Remember in GCSE food tech when they told you that vegetarians were at risk of protein deficiency unless they ALWAYS paired "incomplete" proteins together?

Sadly this concept has permeated popular culture and I've been seeing some well meaning but inaccurate Instagram posts rating the quality of proteins.

The higher the rating the better according to many.

While this may be true for elite athletes, for the majority this is just a distraction.

Protein Digestibility

Protein quality can be rated on The protein digestibility-corrected amino acid score (PDCAAS) or more recently digestible indispensable amino acid score (DiAAS).

One of the limitations of such scores is that they use animal models - rats and pigs. (yes they fed them meat in the tests!). Humans have a unique digestive system and microbiota which cannot be replicated in animal tests.

Another issue is that plant-based foods are not well represented in the DiAAS or PDCAAS. With plant-based diets increasing in popularity I believe this has to change.

In addition, when the protein in foods is estimated, the amount of nitrogen is used in the calculation. It is assumed that all proteins have a nitrogen concentration of 16%. In fact this varies in different foods and may confuse the picture when we use given values in dietary recommendation.

Limiting Amino Acids

Amino Acids are building blocks which make up proteins. Certain amino acids need to be consumed as they cannot be made in the body. If a food lacks an essential (sometimes called indispensable) amino acids, it can be described as incomplete or low biological value.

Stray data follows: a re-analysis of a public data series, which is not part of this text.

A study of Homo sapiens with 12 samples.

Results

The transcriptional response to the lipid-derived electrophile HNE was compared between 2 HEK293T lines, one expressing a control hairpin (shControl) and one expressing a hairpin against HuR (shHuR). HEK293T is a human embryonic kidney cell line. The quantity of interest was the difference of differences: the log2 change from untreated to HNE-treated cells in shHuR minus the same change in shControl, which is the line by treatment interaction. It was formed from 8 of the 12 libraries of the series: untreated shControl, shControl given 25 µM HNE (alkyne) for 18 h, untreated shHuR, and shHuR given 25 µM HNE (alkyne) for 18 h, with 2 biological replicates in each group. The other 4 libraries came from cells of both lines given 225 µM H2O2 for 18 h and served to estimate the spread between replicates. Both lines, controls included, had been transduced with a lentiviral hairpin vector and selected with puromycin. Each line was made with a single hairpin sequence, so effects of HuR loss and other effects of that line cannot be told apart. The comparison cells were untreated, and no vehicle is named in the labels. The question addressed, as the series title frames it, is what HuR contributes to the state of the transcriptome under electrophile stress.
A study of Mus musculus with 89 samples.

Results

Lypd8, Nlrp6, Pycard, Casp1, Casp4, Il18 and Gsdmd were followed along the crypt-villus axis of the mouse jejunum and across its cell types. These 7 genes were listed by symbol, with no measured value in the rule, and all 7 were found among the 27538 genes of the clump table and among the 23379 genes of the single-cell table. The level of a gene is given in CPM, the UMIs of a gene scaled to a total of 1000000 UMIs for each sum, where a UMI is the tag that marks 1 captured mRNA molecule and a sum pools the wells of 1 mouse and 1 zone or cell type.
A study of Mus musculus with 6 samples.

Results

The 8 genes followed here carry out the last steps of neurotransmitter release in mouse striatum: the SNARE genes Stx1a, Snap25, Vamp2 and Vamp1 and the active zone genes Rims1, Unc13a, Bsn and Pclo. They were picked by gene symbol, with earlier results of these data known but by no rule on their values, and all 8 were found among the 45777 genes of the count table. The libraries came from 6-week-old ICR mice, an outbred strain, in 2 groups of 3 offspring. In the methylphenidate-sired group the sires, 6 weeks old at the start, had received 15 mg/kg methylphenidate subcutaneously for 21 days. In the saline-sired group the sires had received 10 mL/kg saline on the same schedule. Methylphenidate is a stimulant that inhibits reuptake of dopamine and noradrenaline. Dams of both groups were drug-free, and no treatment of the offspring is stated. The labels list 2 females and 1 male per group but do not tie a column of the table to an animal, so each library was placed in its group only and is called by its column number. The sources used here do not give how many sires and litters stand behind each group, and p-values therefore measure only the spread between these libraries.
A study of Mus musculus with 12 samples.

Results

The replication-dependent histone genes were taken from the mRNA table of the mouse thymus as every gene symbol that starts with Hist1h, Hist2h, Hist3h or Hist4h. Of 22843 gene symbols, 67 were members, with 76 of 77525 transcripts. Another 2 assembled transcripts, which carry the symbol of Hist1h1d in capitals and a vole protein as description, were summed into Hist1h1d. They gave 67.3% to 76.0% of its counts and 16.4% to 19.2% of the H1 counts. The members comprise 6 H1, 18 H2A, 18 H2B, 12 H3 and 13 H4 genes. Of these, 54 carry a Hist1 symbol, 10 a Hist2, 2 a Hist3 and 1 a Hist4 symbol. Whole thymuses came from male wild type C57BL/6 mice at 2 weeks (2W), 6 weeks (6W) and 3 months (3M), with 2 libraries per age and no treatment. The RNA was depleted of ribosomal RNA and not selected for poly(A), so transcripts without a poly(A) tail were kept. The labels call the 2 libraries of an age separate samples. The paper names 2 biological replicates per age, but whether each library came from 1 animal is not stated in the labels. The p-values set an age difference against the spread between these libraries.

Those terms sound quite negative. However these incomplete proteins are not as useless as some may have us believe.

In addition, amino acids can be stored short term for use when needed.

Soy contains all the essential amino acids, while other plant sources may not. However if a range of foods is consumed throughout the day, this should not affect you negatively at all.

Animal sources of protein are likely to contain all of the essential amino acids, but are generally more calorie dense meaning that too mush may lead to weight gain.

Realistically we do not eat one single food all day every day. each meal contains a mix of foods, each with have a different amino acid profile.

If you have a restricted diet, consider speaking to a dietitian to check your diet contains all the nutrients for optimal health.